It seems every year, a portion of the western United States ignites with a massive wildfire. And it seems every year, that smoke inevitably creeps across the country, into New Jersey's atmosphere.

In fact, we posted about it in September 2020 and November 2018.

A smoky sun over Fredon, Sussex County in September 2020. (Mark Worobetz)

A series of fires continues to burn across Oregon and Washington. The largest of which has been dubbed the Bootleg Fire, which the Associated Press reports has burned 476 square miles in the Fremont-Winema National Forest southeast of Portland, Oregon.

Just to give you a sense of scale, that one wildfire is approximately the size of Monmouth County, New Jersey. Millions of acres have been scorched.

(Accuweather)

Smoke is dirty business. As particulates from wildfire smoke are driven into the upper atmosphere, they meet the "river of wind" known as the jet stream.

GFS model jet stream forecast. Note the high-speed "river of air" that currently runs from the Northwest to right over New Jersey. (College of DuPage Meteorology)
HRRR vertically integrated smoke product, showing particulates from the Northwest are being transported directly to New Jersey. (NOAA / GSL / AVID)

Although the western fires have been burning for at least two weeks, there has been little to no effect here so far. However, a particularly dense area of smoke is forecast to pass over New Jersey in the coming days.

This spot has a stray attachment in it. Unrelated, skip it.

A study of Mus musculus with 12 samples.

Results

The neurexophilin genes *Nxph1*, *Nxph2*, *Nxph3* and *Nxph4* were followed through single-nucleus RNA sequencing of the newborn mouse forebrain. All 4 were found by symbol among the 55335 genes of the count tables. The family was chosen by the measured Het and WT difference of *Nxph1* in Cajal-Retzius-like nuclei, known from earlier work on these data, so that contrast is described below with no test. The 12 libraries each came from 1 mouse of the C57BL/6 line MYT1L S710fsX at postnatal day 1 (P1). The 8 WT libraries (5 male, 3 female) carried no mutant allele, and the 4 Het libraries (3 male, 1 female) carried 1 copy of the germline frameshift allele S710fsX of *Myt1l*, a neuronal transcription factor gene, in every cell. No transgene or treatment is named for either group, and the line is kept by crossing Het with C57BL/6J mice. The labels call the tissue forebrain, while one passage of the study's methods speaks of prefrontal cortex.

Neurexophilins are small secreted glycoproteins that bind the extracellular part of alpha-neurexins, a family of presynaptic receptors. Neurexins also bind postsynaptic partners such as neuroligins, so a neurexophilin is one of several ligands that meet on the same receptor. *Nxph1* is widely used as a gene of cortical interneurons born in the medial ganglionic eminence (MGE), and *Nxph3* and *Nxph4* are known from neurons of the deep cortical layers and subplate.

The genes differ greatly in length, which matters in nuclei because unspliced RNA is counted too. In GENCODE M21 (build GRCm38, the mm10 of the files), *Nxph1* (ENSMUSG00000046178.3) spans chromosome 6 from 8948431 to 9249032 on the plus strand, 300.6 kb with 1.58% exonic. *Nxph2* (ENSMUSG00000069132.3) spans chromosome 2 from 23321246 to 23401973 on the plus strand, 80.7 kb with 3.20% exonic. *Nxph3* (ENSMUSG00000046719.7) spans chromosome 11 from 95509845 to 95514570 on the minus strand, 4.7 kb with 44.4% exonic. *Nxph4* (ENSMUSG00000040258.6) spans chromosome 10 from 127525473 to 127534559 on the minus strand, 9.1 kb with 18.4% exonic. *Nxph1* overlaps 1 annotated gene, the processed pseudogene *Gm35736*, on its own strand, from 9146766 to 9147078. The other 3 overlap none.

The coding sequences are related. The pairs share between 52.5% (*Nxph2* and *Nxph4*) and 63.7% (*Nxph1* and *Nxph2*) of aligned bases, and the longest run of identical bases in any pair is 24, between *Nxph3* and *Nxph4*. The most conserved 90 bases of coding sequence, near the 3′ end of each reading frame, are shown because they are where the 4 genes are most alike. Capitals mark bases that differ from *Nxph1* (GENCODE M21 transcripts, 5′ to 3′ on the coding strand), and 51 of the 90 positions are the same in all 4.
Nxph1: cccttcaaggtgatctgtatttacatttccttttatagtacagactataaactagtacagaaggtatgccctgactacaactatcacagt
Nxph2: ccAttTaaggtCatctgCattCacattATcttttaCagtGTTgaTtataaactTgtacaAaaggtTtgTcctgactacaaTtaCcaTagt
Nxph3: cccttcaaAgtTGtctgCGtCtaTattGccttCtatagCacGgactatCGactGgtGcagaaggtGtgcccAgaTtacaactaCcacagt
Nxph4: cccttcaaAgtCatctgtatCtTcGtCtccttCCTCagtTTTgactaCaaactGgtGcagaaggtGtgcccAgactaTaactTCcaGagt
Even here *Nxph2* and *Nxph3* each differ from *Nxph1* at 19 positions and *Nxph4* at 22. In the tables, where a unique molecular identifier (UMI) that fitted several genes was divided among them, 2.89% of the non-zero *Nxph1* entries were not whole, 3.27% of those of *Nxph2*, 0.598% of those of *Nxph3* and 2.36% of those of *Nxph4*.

Here are some things to know about the impending smoke invasion:

1.) The sun will probably look "weird," with a milky, smoky, washed-out appearance at times. (Our weather will be hot for both Tuesday and Wednesday, so expect it to be extra-hazy.)

2.) The smoke will dramatically enhance the reds, oranges, and yellows of sunrise and sunset. (Get your camera ready!)

3.) You will not smell any smoke. It will be about 6 miles overhead.

4.) There should not be any ground-level visibility issues.

5.) Worst-case scenario, increased levels of ground-level pollution could spark air quality alerts. Those sensitive to poor air quality, including the very young, the very old, and those with heart and lung diseases, might consider limiting time outdoors during the hottest part of the day.

(Accuweather)

Dan Zarrow is Chief Meteorologist for Townsquare Media New Jersey. He even took an entire class in college on smoke plumes. Follow him on Facebook or Twitter for the latest forecast and realtime weather updates.